Distance: 6 miles
Time: 2hrs 50mins
OS Map: 43
I went walking today with a friend from work. After a slight problem with a closed road and diversion, we got to the car park at Glen Dye by 10 this morning. Under slightly hazy skies but ridiculously mild air we crossed into Miller’s Bog, walking along a good forest track. From there we turned north, following a landrover track up and around Greystane Hill which has been planted with new conifer trees in recent years. As we approached the top a young deer sprang across the road and moved up the hill, turning to watch us with unwavering eyes for a couple of minutes before turning and moving off. The track eventually peetered out in a boggy patch of land where a small burn came off the lower slopes of Mount Shade. We headed up the firmer ground along its bank before coming to a deer fence. Instead of following it west towards our target we gained some height and crossed it at a point higher up where another clear track wound its way along a line of the hills. This gave us some stunning views over Miller’s Bog, southward to the Howe of the Mearns and eventually brought the Granite-plugged peak of Clachnaben into view.
With our direction now more or less clear we headed in the direction of the main track up to the summit, wending our way through a short section of forest that would have been better avoided by sticking to the slopes of Mount Shade rather than descending into the valley. After a tortuous route through the trees and jumping across a small brook we gained the good track and made good progress up the summit, now looming above us like a smaller Devil’s Tower.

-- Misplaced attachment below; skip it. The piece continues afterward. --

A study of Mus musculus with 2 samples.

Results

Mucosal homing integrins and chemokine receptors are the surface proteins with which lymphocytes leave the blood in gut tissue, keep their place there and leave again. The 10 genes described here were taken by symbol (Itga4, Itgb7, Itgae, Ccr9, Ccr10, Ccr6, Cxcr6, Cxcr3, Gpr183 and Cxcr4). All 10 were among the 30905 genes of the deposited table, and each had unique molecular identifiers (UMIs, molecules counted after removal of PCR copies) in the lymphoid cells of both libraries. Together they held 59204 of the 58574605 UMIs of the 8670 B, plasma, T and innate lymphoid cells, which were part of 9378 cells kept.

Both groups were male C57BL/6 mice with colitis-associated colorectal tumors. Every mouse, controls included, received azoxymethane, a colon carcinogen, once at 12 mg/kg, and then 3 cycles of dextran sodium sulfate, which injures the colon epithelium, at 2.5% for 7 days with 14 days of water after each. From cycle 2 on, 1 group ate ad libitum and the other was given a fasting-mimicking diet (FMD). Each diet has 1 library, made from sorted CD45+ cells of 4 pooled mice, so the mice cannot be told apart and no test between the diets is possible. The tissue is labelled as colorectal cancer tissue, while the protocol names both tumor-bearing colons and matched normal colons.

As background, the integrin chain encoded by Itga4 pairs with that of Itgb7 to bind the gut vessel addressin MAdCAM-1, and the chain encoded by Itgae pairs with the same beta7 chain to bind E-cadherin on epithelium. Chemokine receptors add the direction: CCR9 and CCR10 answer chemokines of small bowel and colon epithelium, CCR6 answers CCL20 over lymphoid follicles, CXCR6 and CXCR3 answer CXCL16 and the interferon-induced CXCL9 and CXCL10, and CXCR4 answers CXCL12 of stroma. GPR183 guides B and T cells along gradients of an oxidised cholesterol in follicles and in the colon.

There is a Clachnaben Path Trust and they had done a good job of making a firm track, with steps laid on the steeper sections. With the sun now shining through it proved to be a popular route as we passed several people. It was a stiff climb but we were rewarded as the views opened up around us, Bennachie to the North over Deeside and the snow covered mountains around Lochnagar to the west.
We eventually gained the foot of the granite plugged where we paused to catch our breath and have a bit to eat. It was then just a brief scramble up the northern, shallower side of the granite to gain the very top where we could sit and admire the view. A few other people were up there as well but it didn’t spoil the scene too badly.
The way back was swift, taking us back down the track and this time straight across Miller’s Bog where bridges have been put in to avoid the worst of the water. We had beautiful views back across the way we had come as the shadows started to lengthen but very soon we were back at the car after a successful excursion and one that has whetted our appetite for bigger things.
More photos in my Clachnaben Photoset on Flickr.